Characterizing pesticide fate in the vegetated unsaturated zone and estimating potential impacts to groundwater

Arno Rein1, Fatemeh Shajari1, Florian Einsiedl1
1 Lehrstuhl für Hydrogeologie, Technische Universität München

O 5.5 in Organische Schadstoffe im Grundwasser

23.03.2018, 10:45-11:00, 3

Maize cultivation is currently intensified in many countries, in the context of food and forage production as well as for the use as energy plants. Pesticides and other agrochemicals are increasingly used, however often posing serious threats to groundwater, human health and non-target ecosystems. In this work we carried out lysimeter studies with four different soils planted with maize. In a five-year study, four pesticides have been applied once a year according to common agricultural practice. Pesticides and some of their metabolites were monitored in the lysimeter outflow water.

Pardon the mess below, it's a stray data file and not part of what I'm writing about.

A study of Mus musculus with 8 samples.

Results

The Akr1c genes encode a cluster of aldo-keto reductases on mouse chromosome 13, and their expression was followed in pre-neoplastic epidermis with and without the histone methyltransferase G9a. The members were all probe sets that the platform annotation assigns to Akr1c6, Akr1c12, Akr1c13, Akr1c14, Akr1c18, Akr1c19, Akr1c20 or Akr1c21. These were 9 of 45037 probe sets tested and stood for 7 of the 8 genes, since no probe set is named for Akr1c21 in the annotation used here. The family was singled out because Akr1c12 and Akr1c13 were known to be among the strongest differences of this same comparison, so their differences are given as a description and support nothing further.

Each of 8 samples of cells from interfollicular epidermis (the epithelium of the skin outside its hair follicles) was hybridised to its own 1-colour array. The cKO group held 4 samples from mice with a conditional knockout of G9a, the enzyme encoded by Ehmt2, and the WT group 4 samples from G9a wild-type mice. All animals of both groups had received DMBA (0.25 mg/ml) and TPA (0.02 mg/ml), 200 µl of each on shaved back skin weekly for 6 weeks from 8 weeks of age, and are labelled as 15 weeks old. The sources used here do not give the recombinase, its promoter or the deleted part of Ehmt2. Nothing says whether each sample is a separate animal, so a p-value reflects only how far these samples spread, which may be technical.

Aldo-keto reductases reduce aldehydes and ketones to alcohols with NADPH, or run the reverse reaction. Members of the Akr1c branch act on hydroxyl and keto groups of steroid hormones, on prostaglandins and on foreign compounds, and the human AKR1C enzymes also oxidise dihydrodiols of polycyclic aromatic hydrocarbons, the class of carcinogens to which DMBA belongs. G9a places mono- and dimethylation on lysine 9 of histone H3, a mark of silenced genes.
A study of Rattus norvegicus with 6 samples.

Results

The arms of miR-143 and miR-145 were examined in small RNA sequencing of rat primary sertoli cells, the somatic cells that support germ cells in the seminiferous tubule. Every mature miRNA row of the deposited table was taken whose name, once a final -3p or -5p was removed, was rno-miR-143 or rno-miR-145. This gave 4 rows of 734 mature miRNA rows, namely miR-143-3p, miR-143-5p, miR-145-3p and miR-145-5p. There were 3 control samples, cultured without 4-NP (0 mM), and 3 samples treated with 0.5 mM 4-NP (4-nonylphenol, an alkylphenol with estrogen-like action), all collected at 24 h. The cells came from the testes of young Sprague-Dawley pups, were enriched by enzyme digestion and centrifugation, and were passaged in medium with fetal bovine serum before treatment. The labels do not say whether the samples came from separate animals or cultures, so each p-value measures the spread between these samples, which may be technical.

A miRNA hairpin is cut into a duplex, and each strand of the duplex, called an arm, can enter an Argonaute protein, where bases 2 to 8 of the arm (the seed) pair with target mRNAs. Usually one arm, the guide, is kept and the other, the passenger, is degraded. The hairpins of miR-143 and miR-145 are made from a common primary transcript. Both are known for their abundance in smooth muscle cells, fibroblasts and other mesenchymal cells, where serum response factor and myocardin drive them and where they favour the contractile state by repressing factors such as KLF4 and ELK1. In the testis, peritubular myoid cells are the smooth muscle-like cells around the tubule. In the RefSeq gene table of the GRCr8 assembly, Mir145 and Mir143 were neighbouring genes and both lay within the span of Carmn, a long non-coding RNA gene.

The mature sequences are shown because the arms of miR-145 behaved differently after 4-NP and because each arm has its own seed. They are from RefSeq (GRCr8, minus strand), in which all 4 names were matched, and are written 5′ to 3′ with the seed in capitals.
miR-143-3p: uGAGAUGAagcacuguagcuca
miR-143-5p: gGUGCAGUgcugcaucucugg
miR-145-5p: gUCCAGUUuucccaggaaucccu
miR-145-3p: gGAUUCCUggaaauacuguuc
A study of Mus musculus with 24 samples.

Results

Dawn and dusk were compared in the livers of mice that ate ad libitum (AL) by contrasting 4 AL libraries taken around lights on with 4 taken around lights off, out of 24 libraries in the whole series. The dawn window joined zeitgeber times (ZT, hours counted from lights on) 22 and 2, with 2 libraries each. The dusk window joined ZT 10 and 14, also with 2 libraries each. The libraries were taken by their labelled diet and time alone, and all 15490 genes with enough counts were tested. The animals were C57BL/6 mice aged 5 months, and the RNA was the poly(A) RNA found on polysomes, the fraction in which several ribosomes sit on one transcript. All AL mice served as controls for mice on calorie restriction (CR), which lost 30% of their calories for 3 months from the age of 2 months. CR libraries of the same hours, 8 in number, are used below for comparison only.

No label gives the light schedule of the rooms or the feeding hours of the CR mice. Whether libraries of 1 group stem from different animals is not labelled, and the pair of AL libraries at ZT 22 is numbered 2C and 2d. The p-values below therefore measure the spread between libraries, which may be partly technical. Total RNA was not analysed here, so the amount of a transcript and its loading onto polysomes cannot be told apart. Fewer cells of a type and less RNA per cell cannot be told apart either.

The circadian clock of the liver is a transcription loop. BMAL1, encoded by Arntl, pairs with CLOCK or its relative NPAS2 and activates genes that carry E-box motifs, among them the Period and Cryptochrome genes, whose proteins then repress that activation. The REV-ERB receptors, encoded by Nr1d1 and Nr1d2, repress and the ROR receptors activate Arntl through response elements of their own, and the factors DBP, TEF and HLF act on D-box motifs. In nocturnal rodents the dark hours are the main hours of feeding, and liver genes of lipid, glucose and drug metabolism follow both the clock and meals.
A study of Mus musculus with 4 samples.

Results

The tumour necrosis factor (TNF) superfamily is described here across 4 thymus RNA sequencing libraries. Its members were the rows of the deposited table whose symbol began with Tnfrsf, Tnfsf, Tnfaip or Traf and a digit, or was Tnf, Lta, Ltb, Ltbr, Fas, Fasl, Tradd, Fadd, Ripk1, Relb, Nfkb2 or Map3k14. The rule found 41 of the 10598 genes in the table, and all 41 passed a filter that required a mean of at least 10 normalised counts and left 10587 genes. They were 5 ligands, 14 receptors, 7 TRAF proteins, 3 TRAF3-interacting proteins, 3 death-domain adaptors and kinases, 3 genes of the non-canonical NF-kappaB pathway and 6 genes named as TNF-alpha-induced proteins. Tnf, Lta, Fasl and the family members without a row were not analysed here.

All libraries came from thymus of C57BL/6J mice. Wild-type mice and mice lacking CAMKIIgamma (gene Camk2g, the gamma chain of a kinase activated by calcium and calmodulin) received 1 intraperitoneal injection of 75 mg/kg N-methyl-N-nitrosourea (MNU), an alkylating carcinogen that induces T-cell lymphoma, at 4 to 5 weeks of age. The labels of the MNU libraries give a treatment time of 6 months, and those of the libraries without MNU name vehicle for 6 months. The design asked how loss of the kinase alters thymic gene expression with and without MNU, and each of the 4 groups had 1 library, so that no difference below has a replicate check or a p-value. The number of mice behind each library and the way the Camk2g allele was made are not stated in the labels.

Observations revealed, in many cases, considerably high concentration peaks in outflow water shortly after application, and we aim at systematically investigating processes that could explain these findings. The first step is characterizing water flow where we use stable water isotopes as natural tracers. Stable water isotopes were measured in precipitation and lysimeter outflow water, and we use different lumped-parameter models in order to determine the mean residence time of water, dispersion properties and the possible contribution of preferential flow paths. First results, considering a time period 1.5 years, revealed mean residence times of water of about 150 days for a sandy gravel soil and about 250 days for a silt soil. Studies are currently extended to consider longer time periods (3.5 years or more). Next steps focus on chemical transport and fate. Compound-specific isotope analyses gave hints on biodegradation activity occurring in the subsurface to some extent. First mass balance estimates suggest a strong contribution of soil sorption on chemical fate. Modeling studies are currently under way for considering biodegradation under different conditions of bioavailability, as well as for estimating the contribution of plant uptake. Aims include the estimation of process contributions as well as possible consequences in terms of groundwater vulnerability.